Published in the Current
The Cape Elizabeth School Board projects its budget increase will be twice the amount requested by the Town Council, and councilors and board members alike are blaming state funding cuts for the fiscal crunch.
Town Council Finance Committee Chairman Jack Roberts delivered a letter to Superintendent Tom Forcella March 1 stating the town budget would be
capped at a 3 percent rise in expenditures, and expressing the hope that the School Board would exercise “similar restraint.”
The School Board, at its workshop March 2 and in prior meetings, has characterized its budget – up 5.7 percent – as “responsible” and “conservative,” and blames a lot of the budget pain on a loss of $589,598 in state funds.
The state funding formula takes into account a town’s property value increases and the number of students in a district. The state cuts are particularly painful for cities such as South Portland, which is projected to lose nearly $2 million in state aid.
Cape’s school budget request is up $815,583, and includes no new programs. Several planned staffing increases also have been cut, with the only remaining personnel increases related to enrollment increases or additional needs for special education students.
“Some people think we cut the budget too much,” said School Board member Kevin Sweeney.
“We made every effort to keep a tight hold on spending,” Forcella said. The letter from the Town Council, he said, “just reinforces the tight budget climate that we’re in.”
At the budget workshop, Forcella said, a major concern was about the items that are not in the budget, including the district’s Future Direction Plan and five-year staffing plan.
“There’s a lot left out of this budget,” he said.
Sweeney is among the most outspoken of the critics of the state government, saying the education funding system is designed to cause problems.
“Because of the way the state funding formula is set up, it creates divisiveness,” Sweeney said. He added that while representatives in Augusta are working hard for their constituents, “they are not working hard for education in the state of Maine.”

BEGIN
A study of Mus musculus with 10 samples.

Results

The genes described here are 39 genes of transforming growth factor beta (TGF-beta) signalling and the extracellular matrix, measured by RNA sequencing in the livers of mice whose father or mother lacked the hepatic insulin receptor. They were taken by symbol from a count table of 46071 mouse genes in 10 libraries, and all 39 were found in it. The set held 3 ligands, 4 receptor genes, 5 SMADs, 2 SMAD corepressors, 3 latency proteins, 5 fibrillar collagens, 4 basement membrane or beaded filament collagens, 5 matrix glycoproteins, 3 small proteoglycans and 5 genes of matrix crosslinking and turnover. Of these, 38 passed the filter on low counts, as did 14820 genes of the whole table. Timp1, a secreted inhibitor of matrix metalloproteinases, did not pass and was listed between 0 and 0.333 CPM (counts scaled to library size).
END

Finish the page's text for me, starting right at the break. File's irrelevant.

Board member Jim Rowe also voiced his concern. “Anytime you have something like that pulled out from under you, it really affects what you’re doing,” he said.
Rowe and Forcella both wish the state cuts could have been phased in, rather than coming all at once this year. Forcella said he doesn’t see much of a cushion coming from Augusta to soften the blow, and expressed concern that the legislature had “never funded education as much as they said they would.”
Rowe sent an e-mail to state Sen. Lynn Bromley, D-Cumberland, and got a response that indicated to him “nobody in Augusta wants to hear about” the problems in Cape Elizabeth, Rowe said.
“I think they have to hear that we have needs,” Rowe said.
Bromley said she has trouble getting sympathy for Cape Elizabeth in Augusta, and said she has been called a “thief” by at least one senator from the northern area of the state, who was opposed to her efforts to bring more money to her district.
Bromley said she and other senators have promised to vote against the governor’s budget unless it is revised to give more funding to schools in their districts. “The formula does not work,” she said.
“I encourage people to make their voices heard,” Bromley said, suggesting that people describe exactly what will happen if funding cuts continue.
But, state Rep. Janet McLaughlin, D-Cape Elizabeth, said, there must be perspective. “I cannot sit here in the house chamber and cry ‘poor’ for Cape Elizabeth,” McLaughlin said. She said she is trying to increase the amount of money to be spent on schools, no matter what method is used to determine how much each school gets.
Several of the town’s councilors, too, blame the state for the hardship and are stuck trying to make up the difference from the property tax.
Councilor Jack Roberts, who attended the budget workshop, said the drastic cut is too much. “It’s just wrong, wrong, wrong,” Roberts said. “We’re getting hammered by the state.”
He said he was hoping the schools could keep expenditures below 3 percent, regardless of revenue. The state cuts only make things worse.
“Obviously (the School Board has) no control over the $600,000,” Roberts said.
Making things especially hard this year is the increase in special education spending in the school district, Roberts said. The federal government pledged to pay 40 percent of the cost of special education, but is actually only paying 12 percent, Roberts said.
He said there will certainly be a tax increase in town, though he declined to predict specific figures.
“We’re going to try to keep it as reasonable as we can,” he said.
Councilor Mary Ann Lynch, who also attended the School Board’s budget workshop Saturday, said she was glad to get at least an informal look at the budget, but declined to comment on the specifics until she saw a formal document.
Council Chair Anne Swift-Kayatta was at the budget meeting as well, and though she declined to comment on specifics, said she looks forward to working with the School Board and the Town Manager to put together a successful budget.
But the bottom line, many say, is just that: the bottom line, and the effect of the state budget on local spending.
“When you pull that much money in one fell swoop, it causes problems,” Rowe said.